The "dog days" of summer are here, but with the long days of warm weather and bright sunshine come additional responsibilities to our furry friends.
Hot weather can make us all uncomfortable, and it poses special risks to pets, but keeping a few safety concerns in mind can keep dogs happy and healthy as the mercury rises.
In the car
Never leave dogs alone in cars in warm weather. On a 60- to 70-degree day, the temperatures inside a vehicle can quickly reach lethal levels, even when windows are cracked.
Leaving the windows down farther isn't much of a solution since dogs can escape or be bothered by a passerby or animals in other cars.
If a pet must be left in a vehicle for a couple of minutes, try to find a spot in the shade, preferably with a good breeze. Leave plenty of fresh water in a non-tippable bowl while away.
Some owners also may bring two keys so they can lock the car while leaving it running with the fan on.
However, even with the emergency brake set, this can pose other dangers if the pet is loose. If leaving the car running it's a good idea to have the dog in a kennel or behind some other barrier so it can't reach the controls of the car.
Dogs that have sat around the house all winter shouldn't be forced to go on long hikes. Injuries can occur if they are not allowed to build up to longer excursions. The transition from winter to summer should be slow and steady.
Overweight, older animals and those with preexisting medical conditions should have several weeks of gradual transition to outdoor activities.
Also, keep in mind that dogs may need to acclimate to the warm weather as much as to the exercise itself.
Dogs with short hair, white fur or pink skin can sunburn quickly. Limit their exposure to direct sunlight and keep a watchful eye on sensitive areas like around their eyes, ears and nose.
Snub-nosed and short-faced dogs, such as boxers, bulldogs and Boston terriers, can have an especially hard time in hot weather because they can't pant as efficiently as longer-faced dogs.
Long-haired dogs can overheat more quickly than their short-haired counterparts. Keeping a dog well-brushed and clean can help them stay cool since their coats will insulate against high heat better. Dogs can be shaved, but their coat should never be trimmed down to the skin.
Try going for walks, runs or hikes in the early morning or evening or pick trails that are heavily shaded by tall trees.
Just like humans, dogs can get thirsty while exercising, so bring water along for them. Don't let pets drink from puddles or other foreign sources of water that could cause illness.
At the beach
Cook Inlet is known for some of the most dramatic tide cycles in the world. Currents can rip in and out and dogs should be watched closely while swimming and not allowed to get too far from shore.
Don't let dogs drink salt water, either, since the salt can make them sick. Bring along fresh water in case they get thirsty.
Salt and other minerals in the ocean water can damage a dog's coat, so rinse them off after leaving the beach. Also, dry a dog's ears completely after swimming to prevent infection.
Running in beach sand can be even more strenuous than running on hard ground. Excessive play can result in pulled tendons or ligaments.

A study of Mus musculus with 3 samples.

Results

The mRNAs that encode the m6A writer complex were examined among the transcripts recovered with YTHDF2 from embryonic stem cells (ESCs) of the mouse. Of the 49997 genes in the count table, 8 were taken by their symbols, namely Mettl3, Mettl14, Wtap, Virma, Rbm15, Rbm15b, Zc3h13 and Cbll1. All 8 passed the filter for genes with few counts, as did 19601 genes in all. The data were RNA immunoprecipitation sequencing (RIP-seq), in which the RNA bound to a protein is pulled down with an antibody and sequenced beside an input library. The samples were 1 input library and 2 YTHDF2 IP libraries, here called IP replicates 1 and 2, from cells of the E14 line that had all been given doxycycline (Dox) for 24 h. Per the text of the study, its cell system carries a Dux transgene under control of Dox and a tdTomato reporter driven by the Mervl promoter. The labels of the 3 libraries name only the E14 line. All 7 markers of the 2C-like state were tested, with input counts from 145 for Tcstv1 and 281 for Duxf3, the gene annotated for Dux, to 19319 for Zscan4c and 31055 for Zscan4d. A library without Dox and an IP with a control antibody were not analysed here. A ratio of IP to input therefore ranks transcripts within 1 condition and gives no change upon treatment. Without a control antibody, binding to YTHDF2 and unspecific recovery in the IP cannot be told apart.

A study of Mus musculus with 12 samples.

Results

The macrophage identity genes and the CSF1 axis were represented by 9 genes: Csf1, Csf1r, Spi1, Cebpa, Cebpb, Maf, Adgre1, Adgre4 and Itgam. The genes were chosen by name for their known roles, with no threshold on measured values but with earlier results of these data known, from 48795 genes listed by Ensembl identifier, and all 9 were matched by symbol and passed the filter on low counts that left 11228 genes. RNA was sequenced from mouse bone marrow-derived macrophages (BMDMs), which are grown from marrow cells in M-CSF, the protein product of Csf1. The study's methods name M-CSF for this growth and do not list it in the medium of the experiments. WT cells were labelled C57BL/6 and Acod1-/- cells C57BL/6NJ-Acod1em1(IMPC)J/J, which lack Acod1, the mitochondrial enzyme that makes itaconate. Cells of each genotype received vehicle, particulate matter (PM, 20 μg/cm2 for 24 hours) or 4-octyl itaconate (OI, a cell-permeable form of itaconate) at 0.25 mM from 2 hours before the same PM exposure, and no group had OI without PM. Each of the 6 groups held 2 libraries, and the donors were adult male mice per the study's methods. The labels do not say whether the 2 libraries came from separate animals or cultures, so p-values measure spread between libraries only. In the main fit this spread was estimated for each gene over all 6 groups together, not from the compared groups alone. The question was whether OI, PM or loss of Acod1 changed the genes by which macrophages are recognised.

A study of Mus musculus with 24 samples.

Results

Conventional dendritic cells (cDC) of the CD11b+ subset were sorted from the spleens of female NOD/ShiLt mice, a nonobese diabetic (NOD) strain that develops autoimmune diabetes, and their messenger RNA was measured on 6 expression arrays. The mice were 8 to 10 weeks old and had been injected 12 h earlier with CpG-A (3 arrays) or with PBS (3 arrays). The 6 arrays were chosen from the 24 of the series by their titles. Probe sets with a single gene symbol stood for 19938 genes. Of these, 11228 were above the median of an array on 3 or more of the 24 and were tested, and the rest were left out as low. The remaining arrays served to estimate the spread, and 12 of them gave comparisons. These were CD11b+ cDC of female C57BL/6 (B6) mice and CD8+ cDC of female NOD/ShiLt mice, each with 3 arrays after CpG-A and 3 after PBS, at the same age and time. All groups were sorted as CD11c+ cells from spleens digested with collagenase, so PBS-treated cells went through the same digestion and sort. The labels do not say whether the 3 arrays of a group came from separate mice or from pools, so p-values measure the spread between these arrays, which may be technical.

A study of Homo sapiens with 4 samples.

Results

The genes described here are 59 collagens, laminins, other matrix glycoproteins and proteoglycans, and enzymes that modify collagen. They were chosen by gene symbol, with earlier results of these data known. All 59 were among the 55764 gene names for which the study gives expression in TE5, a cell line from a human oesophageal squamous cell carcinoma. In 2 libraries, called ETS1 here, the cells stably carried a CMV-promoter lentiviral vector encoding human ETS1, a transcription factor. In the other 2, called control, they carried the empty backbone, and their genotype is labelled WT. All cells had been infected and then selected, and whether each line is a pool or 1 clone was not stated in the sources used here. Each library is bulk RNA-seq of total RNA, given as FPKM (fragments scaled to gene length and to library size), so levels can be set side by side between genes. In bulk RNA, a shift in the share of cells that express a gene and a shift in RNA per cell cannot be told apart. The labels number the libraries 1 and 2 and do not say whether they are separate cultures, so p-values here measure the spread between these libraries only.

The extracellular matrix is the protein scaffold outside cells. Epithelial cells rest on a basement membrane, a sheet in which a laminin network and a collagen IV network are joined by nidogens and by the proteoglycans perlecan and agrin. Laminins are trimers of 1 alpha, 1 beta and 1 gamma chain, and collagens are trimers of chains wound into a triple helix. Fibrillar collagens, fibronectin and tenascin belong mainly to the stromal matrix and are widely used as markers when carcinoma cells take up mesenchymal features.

Use good judgment when playing with pets.
What to watch for
Heatstroke can occur in any of these situations. It can come on quickly and result in brain damage or death so owners should know the warning signs.
Watch for symptoms such as heavy panting, lethargy, lack of coordination, unwillingness to move, excessive drooling, lack of appetite, dark tongue, white or blue gums, rapid heartbeat, fever or vomiting.
If a dog shows any of these symptoms, get the animal into the shade immediately and call a veterinarian.
Lower the animal's body temperature gradually by providing water to drink, applying a cold towel or ice pack to the head, neck, chest and groin area. The dog also can be hosed down or immersed in lukewarm (not cold) water.
The summer season is when many people garden and tend to lawn care. But fertilizers, weed killers and other lawn and garden products can be harmful to pets when ingested or inhaled.
Be aware that pets may not eat these items directly but can walk through them. Then as the chemicals start to irritate a pet's paws, they begin licking at them and ingest the product.
Store all lawn care and other potentially poisonous products in locations inaccessible to pets. Keep dogs out of gardens and off lawns that have been treated. Also, it never hurts to know the number for the poison control hot line, just in case.
One final bit of summer advice is to make sure all pets have well-fitting collars with current identification that includes a correct phone number in case they get lost.
A permanent form of identification, such as a subdermal microchip, can't fall off like tags can and lasts for the life of the dog.
If on vacation, think about having two forms of identification on pets one with their permanent identification and one with the contact information for wherever their owner is temporarily staying, or their cell phone number.
Joseph Robertia is a reporter for the Peninsula Clarion. He has worked with wildlife and domestic animals for more than 10 years as a veterinary technician, a zoo keeper, and most recently as a zoologist for the Wildlife Conservation Society.
He welcomes any pet-related questions or story ideas, but please none of a veterinary nature. Ideas and questions can be sent to his attention by e-mail at clarion@ alaska.net.